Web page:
By Jaimie Julia Winters and Adam Anik

When Lackawanna developer Robert Schmitt of Hampshire Cos. announced the potential new supermarket tenant for the fourth ward last week, some were skeptical, if not confused.

Comments from residents who attended the Feb. 11 meeting included:

“What's a Lidl?”

“How do you pronounce it?” (It rhymes with needle.)

“I am not sure what they will offer, but I think it’s missing a vowel.”

While some Americans are just getting to know Lidl, the supermarket giant is a household name in Europe, opening its first store in Germany in 1973, with others in the U.K. and France and now all over Europe. In 2017, the company moved into the U.S. market, boasting more than 50 locations on the East Coast, with a few in New Jersey.

Last August, Food & Wine magazine — the store sells wine starting at $2.99 a bottle — listed Lidl as No. 3 in their list of top U.S. supermarkets, behind top-rated Wegmans and second-ranked Central Market, but above Trader Joe’s (No. 4), Publix (No. 5), Whole Foods (No. 6) and Aldi (No. 7).

Food & Wine described Lidl as a “fiercely budget German-chain supermarket” with a concept similar to Trader Joe’s and Aldi, featuring a smaller footprint, lots of private labels and low prices.

In Case You Missed It: Lackawnna redevelopment approved, Lidl named as supermarket

Lidl representative Nicholas Buckner, who attended the Feb. 11 planning board meeting, pointed to Montclair’s walkability and pedestrian friendliness, and described the town as an ideal candidate for the company’s expansion throughout New Jersey. Lidl also has stores in Union, Hazlet and Eatontown.

The store plan for Montclair will be about the size of Montclair’s Acme at 29,000 square feet. Other tenants, who have not yet been named, will take up the remainder of the 47,000 square-foot-space that housed the Pathmark until 2015.

Because Lidl has not yet signed the lease at Lackawanna Plaza, Montclair Local’s request to meet with a representative or speak with Buckner was denied.

Montclair Local then headed to Union to visit Lidl’s store, which opened there last November.

A vast, crowded parking lot and a United Food & Commercial Workers Union members protest of nonunion Lidl employees greeted shoppers on Saturday afternoon. The store was so crowded that locating a shopping cart took a few minutes wait. On weekends the store adds even more specials to its circular list.

Although the store was crowded with shoppers and packed with everything from food and wine to housewares, clothing and small appliances, it was well-lit, nicely laid-out and had large, wide aisles. While Montclair’s site is planned for 29,000 square feet, Union’s is a 34,000-square-foot store. Workers quickly restocked and added new merchandise to the moveable end aisles.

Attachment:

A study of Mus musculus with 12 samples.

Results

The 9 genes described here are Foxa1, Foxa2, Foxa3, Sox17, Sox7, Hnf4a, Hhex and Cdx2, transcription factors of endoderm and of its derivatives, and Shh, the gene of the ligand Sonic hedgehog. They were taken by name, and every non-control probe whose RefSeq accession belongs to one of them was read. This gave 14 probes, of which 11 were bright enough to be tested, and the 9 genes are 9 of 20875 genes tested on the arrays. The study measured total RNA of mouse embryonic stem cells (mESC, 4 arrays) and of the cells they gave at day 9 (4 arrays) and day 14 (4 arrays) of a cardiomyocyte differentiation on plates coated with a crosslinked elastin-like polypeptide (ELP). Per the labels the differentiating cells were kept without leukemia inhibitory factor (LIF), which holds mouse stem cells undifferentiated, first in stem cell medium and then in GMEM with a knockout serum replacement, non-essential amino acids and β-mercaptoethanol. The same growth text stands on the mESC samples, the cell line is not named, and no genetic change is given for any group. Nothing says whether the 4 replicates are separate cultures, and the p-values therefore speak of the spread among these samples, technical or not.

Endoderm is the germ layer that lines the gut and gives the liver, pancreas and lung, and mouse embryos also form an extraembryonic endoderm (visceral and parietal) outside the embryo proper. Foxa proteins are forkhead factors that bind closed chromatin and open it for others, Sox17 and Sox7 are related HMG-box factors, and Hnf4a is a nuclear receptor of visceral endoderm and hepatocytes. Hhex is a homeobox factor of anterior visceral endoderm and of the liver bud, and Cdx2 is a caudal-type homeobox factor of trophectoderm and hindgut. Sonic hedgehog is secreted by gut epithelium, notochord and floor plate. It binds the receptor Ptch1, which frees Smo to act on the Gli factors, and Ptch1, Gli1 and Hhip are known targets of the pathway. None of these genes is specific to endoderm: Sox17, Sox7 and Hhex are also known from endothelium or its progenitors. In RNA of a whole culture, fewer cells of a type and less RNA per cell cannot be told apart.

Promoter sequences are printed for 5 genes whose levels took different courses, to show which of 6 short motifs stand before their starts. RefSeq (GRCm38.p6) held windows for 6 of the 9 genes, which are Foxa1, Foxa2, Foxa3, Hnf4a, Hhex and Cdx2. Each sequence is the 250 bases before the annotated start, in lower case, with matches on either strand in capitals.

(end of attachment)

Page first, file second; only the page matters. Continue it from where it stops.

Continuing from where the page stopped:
Councilwoman Renee Baskerville, who visited the Union store last Friday, said she is keeping an open mind, but isn’t sold that Lidl is right for Montclair’s only food option in the Fourth Ward.

“It’s different, I will give you that. But it’s not like anything we discussed. We were expecting diverse food options, with diverse pricing options,” she said.

She pointed to the lack of fresh fish offerings or a butcher at Lidl in Union. Although she described the store as bright and airy, she was concerned with the lack of brand names on the shelves and she found the sale of clothing, appliances and home goods unnecessary.

“I don’t go to the grocery store to buy clothing,” she said. “I want my brand-name staples. And we just don’t know at this point the quality of their brand X.”

Lidl’s products are about 80 percent private label — instead of Campbell’s Soup, a brand called Classic lined the shelves, and instead of Lucky Charms, Raisin Bran or Cottonelle bath tissue, there’s generic offerings. Staples such as Knorr side dishes ($1), Louisa frozen ravioli ($2.39), Hot Pockets ($4.99) Stouffer’s dinners ($3.59), Campbell Skillets ($2.29) and Old El Paso taco dinner ($2.19) are on the shelves. Jimmy Dean and Eggos were next to a brand called Family Finest frozen items in the freezers.

Produce was fresh and priced low with Driscoll brand raspberries priced at $1, blueberries $2.49, seedless grapes 99 cents a pound and a five pound bag of potatoes at $1.79.

In the meat and seafood department, pot roast was priced at $4.99 a pound, chicken thighs at 99 cents a pound and frozen tilapia at $2.59 each.

For the shopper who wanted to get a jumpstart on gardening, there were gardening tools and a cold frame planting tunnel for $7.99. Rain gear including coats and boots was priced at $9.99. Sneakers started at $12.99. The hardware section offered everything from screws to power tools. A record player was priced at $29.99.

The store does not offer pre-order, pick-up or delivery. Shoppers can sign up online for an account to retrieve coupons.

Although Lidl is not part of a union, Lidl will be hiring locally, Buckner said.

A survey “Defending Supermarket Share When Lidl Comes to Town” assessed the effects of Lidl on neighboring supermarkets when Lidl first moves in. Produce, beer and wine represented 60 percent of sales decline at other stores; seafood, meat, deli, frozen, bakery and tobacco accounted for 33 percent loss to other stores.